Thousands of residents being targeted by scammers will be helped to avoid becoming victims with a £260, 000 grant from Hertfordshire Police and Crime Commissioner.

The money will help fund two of David Lloyd’s key ambitions - to keep crime low in Hertfordshire and to focus on victims.
His Community Safety Grant for the Herts Scams Support and Prevention Project will be run by Citizens Advice Hertfordshire for the next two years at a cost of £130,000 a year.

Funding will be used to employ three full-time scam advisors who will train 600 volunteers and other workers across the county to focus on fraud prevention and repeat victimisation.

Mr Lloyd says: “This is one of the biggest single awards I have made from my Community Safety Grant but cyber-crime and fraud is the most prevalent crime in Hertfordshire.

“I have always promised to keep crime low and help crime victims – this project will help do both and benefit at least two thousand residents.
“My role does not just involve policing, I have a responsibility to tackle the causes of crime and focus on changing lives for the better. These despicable scams often target elderly and vulnerable citizens. I want to take the embarrassment and shame out of being a victim of fraud so that we can provide support.”

Statistics from Action Fraud reported that in 2018 over six months 6,272 frauds were reported in Hertfordshire costing victims £12.9m.
Nina Villa, Chief Executive of Stevenage Citizens Advice said: “Citizens Advice provide free, confidential advice to anyone who needs it and we have a presence in every community in Hertfordshire. We regularly provide advice to vulnerable people who are in danger of becoming, or who already victims, of scams. We are hugely grateful to the Commissioner for his support for our work to combat this horrible crime and provide confidential and impartial support to those who affected by ruthless scammers”.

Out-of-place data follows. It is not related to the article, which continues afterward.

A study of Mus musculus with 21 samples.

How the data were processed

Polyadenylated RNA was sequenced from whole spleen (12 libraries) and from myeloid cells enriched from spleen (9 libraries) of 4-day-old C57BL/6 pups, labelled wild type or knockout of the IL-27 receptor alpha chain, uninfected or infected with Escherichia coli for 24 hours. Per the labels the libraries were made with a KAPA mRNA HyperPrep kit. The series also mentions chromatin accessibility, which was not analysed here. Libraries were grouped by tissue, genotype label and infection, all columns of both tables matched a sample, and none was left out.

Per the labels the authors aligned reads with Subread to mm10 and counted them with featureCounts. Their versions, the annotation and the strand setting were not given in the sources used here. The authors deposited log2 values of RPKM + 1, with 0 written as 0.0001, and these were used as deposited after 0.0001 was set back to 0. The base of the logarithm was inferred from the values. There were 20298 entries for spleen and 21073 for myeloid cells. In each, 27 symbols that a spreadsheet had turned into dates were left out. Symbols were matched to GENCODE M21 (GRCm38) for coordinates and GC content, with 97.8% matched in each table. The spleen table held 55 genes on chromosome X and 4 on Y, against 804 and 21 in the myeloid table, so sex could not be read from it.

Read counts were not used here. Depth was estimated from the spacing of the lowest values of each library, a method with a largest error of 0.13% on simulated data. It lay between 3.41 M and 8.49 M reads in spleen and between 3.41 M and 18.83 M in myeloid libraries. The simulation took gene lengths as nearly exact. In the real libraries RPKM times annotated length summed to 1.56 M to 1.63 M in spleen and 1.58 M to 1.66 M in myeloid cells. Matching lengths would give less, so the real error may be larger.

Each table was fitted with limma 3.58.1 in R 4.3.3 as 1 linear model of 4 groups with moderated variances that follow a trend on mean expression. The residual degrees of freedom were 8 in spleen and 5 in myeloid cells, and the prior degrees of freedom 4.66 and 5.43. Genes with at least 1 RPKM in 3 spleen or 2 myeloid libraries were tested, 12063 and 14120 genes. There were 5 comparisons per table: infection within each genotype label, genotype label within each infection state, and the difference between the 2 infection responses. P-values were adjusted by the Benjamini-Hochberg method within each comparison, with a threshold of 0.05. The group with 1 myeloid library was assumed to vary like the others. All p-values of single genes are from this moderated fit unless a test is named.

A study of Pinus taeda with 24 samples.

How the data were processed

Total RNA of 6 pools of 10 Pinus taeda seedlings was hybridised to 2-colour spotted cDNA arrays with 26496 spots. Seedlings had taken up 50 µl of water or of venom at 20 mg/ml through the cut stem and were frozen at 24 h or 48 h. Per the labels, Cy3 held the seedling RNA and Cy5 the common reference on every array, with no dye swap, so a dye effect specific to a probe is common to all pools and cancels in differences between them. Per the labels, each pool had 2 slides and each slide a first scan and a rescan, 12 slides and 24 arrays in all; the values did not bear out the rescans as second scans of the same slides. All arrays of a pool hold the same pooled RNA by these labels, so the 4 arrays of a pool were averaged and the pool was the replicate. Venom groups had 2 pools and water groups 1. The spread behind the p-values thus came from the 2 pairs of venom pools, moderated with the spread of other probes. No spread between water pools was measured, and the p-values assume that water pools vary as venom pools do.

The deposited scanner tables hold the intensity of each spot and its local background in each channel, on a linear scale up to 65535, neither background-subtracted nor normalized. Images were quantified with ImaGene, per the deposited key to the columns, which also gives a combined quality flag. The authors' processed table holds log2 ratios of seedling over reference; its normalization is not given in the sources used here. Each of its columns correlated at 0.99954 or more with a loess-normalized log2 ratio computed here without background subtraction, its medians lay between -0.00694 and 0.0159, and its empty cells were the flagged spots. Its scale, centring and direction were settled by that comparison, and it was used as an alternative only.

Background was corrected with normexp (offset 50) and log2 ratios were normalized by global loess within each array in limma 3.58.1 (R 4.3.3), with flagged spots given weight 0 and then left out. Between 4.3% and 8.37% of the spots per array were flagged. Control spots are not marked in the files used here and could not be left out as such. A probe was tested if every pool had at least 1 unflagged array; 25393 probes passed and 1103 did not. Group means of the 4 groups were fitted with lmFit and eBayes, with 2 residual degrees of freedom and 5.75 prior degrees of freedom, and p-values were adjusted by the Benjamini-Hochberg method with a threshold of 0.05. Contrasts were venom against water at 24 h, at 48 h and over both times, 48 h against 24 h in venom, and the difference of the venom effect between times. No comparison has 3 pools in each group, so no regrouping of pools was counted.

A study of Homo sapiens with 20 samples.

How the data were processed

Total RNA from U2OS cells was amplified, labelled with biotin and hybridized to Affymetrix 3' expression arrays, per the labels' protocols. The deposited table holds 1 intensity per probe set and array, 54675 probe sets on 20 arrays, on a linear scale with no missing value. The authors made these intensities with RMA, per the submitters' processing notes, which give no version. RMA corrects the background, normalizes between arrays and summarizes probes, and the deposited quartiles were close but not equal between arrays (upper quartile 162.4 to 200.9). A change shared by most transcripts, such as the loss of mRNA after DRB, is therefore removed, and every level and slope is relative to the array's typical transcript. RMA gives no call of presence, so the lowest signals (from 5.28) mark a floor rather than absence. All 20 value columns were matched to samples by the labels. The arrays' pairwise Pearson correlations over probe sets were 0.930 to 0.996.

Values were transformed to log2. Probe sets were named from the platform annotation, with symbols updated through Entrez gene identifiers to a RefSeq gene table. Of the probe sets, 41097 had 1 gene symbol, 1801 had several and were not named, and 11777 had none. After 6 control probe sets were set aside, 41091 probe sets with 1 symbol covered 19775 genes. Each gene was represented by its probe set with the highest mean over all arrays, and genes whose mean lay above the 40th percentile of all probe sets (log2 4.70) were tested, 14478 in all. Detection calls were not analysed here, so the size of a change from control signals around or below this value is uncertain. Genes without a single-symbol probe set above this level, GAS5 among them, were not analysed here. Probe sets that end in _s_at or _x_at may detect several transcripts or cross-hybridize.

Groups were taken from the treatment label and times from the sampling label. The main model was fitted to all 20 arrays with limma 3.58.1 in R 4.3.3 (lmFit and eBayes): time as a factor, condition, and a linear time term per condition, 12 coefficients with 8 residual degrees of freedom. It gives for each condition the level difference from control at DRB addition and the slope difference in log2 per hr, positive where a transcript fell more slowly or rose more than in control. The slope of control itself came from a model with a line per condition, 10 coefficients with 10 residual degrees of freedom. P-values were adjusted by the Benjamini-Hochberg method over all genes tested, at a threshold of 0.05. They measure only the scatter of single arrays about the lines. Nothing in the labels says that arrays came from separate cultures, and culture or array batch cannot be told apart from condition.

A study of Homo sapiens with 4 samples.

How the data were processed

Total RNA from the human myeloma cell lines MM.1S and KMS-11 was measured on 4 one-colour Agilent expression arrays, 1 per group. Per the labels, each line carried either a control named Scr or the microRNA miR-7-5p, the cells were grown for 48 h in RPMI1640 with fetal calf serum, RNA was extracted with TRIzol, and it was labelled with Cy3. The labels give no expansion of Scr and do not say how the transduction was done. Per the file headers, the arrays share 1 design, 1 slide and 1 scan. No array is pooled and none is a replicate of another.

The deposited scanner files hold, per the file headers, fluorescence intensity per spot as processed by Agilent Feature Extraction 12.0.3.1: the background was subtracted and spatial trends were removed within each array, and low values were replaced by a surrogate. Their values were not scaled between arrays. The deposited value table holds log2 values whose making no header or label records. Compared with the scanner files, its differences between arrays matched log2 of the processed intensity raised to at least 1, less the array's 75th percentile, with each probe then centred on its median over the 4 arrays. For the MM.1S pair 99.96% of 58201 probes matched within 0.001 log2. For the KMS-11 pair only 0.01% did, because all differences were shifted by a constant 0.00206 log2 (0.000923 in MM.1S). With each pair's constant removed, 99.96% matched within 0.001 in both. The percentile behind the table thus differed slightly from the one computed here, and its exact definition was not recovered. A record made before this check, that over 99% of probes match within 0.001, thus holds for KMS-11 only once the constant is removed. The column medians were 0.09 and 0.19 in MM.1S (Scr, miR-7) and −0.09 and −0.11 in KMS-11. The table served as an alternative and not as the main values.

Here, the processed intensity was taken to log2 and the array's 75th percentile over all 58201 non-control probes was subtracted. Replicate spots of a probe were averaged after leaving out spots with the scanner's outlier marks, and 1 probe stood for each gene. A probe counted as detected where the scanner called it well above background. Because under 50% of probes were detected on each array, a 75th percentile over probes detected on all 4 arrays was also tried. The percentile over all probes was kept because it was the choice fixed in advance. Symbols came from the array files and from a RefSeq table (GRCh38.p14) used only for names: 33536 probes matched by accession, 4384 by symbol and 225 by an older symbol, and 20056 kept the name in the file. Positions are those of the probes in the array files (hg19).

Advisors and workers in the scheme will be trained to spot the signs of scam victims and offer face-to-face support for those who are being targeted as well as working with partners across the County to raise awareness and help prevent people becoming victims.
They aim to reach at least 2,000 over the three year period and help them recover any loses.

The grant follows a successful pilot last year in Three Rivers where over 400 people were supported and helped to avoid having money fraudulently taken.
Types of crimes they dealt with included internet pop up scams for diet pills, a pop-up stall at a supermarket selling kitchens which never arrived and cold caller on the telephone asking for money.